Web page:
In the United States, nearly everyone is familiar with cheese fondue, but very few people know about raclette. And yet, it is said to be more popular in its native country than fondue.
So what is raclette? It refers to both the popular Swiss meal and the cheese that is at the center of that meal. Pronounced rah-KLET, it comes from the French word, racler, which means “to scrape.” In its most basic form, it is just melted cheese served with boiled potatoes (fingerling or new), cornichons (small pickled cucumbers), pickled onions, and some bread.
It probably dates back to the Middle Ages when Swiss cow herders in the Alpine valleys and mountains are said to have carried hunks of cheese along with them as they moved the cows from one pasture to another. The story goes that, at the end of the day, as the herders warmed themselves around the campfire, they would place their cheese on a stone next to the fire and wait for it to melt enough to scrape on to a piece of bread. According to some lore, the meal was inadvertently discovered when a herder happened to place his bag of cheese and bread near the fire: the cheese melted, the herder scraped it on to the bread, and a delicious meal was created.
The Canton de Valais, one of 26 districts in Switzerland, is in the heart of the Alps—home of the Matterhorn (4478 m / 14691.6 ft.)--and is where raclette is said to have originated. It lies in the southwestern corner of Switzerland, bordering France and Italy. Both French and German are spoken in this canton (although it would not be uncommon to hear Italian as well).
Raclette was first called “Bratchäs,” a German word for “roasted cheese” or the French equivalent, “fromage roti.” It was not until the beginning of the 20th century, when the melted cheese was served at a 1909 Canton de Valais exhibition of regional wines, that the cheese and the meal were christened “raclette.”
|Berghoff raclette cheese|
Today, raclette, the meal, adheres to its roots as a simple dish. However, it is now likely that your melted cheese will be served with more than potatoes, cornichons, pickled onions, and bread! A charcuterie and vegetables almost always accompany the original meal. At our table, it is a veritable feast of accompaniments!
I usually serve several platters of vegetables that may include slivers of red peppers, quartered artichoke hearts and mushrooms, sliced zucchini, cherry tomatoes, scallions, hot peppers, broccoli, baby corn cobs, asparagus, and hearts of palm. Depending on your taste preferences, marinate, pan fry, or serve these accompaniments raw. The potatoes can be served whole or sliced. A simple green salad and baguette are the only other obligatory items although (cooked) shrimp often finds its way on to our table (to the audible pleasure of our guests).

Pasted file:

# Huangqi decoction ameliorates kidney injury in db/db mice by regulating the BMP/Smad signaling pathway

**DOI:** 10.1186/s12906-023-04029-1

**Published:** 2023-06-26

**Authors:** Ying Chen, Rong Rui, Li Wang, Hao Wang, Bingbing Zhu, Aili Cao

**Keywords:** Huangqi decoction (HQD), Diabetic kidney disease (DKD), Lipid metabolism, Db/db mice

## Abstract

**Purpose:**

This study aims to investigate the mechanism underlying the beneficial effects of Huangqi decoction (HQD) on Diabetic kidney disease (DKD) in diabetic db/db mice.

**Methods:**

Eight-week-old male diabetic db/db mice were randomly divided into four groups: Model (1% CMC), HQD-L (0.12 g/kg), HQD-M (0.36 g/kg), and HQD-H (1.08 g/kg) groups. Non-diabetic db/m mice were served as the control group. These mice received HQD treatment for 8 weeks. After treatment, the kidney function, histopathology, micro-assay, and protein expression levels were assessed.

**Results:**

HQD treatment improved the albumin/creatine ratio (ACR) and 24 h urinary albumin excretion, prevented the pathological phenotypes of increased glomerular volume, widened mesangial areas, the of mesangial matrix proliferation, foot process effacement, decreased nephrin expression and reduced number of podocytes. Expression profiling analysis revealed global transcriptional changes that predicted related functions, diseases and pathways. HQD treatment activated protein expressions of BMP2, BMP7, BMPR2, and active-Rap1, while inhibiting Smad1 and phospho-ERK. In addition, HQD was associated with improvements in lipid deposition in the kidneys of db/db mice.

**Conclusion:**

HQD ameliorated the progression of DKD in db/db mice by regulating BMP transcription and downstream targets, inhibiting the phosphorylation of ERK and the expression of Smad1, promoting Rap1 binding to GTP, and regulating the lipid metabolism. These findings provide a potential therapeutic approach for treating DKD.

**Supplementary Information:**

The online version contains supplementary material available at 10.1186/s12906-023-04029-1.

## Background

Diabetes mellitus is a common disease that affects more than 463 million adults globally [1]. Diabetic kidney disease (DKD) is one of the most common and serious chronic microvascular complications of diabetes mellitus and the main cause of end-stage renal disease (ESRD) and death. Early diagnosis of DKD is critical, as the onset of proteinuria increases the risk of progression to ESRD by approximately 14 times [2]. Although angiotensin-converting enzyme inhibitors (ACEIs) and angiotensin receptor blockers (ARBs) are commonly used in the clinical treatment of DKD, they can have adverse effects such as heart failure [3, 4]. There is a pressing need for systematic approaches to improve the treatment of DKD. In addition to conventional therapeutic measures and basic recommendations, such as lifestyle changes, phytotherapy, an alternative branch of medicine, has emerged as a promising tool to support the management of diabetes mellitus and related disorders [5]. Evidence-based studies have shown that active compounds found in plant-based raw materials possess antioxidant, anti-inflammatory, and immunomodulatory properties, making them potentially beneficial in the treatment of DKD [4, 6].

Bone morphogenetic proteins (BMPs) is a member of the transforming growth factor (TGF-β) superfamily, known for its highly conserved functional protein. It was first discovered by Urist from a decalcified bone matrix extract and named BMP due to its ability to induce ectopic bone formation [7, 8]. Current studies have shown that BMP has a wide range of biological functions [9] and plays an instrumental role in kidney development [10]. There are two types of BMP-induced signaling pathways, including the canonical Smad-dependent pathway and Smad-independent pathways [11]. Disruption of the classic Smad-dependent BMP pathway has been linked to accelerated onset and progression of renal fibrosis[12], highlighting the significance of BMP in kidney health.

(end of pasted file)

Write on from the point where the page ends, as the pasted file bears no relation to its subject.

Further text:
In Switzerland, a Swiss Fendant wine (made from Chasselas grapes) is often paired with raclette. You are also very likely to be offered hot tea or beer. Very cold beverages are not traditionally served as they are thought to disrupt digestion.
In Portsmouth, Dave Campbell, proprietor of Ceres Street Wine Merchants, suggests a simple white wine with some acidity. The 2009 Château du Cléray Muscadet that he selected was perfect. At Portsmouth's South Street and Vine, proprietor Win recommended a Côtes du Rhone from Chateau Beauchêne. It is a lovely white wine that also complemented the cheese perfectly and was an interesting recommendation because the Rhone River flows through the Canton de Valais, where raclette originated, and continues on into to France and south into Provence’s Côtes du Rhone where the wine is produced.
To enjoy raclette, you no longer have to build a camp fire and scrape your cheese off a hot rock. Raclette grills for the home are now widely available. There are two basic types.
|Two-tiered Raclette grill (note the individual tray in foreground)|
|Raclette grill in L’Aïgo Blanco restaurant in Forcalquier|
|Hiking outside of Interlaken|
When we returned to Provence, we found raclette in a restaurant called L’Aïgo Blanco in Forcalquier, about 45 minutes from Lourmarin, the charming village we have long used as our “base camp.” I know it is available in near-by Aix-en-Provence and Marseille, too.
Raclette is a very social meal: lots of passing of platters and, as I suggested above, a lot of affable jostling for grilling space. It is always fun—and easy—to invite a crowd to the house for raclette. Good thing, because it is very hard to find a restaurant that serves this dish outside of Switzerland and France.
No sense unpacking the raclette grill for one person. I melted the cheese in a non-stick skillet, boiled the potatoes, and raided the fridge. I had an open bottle of red wine--a blend of Cab, Syrah, and Petit Syrah--so I poured myself a glass and I cobbled together a very nice dinner.
On a cold winter’s night, the Swiss know what to have for dinner!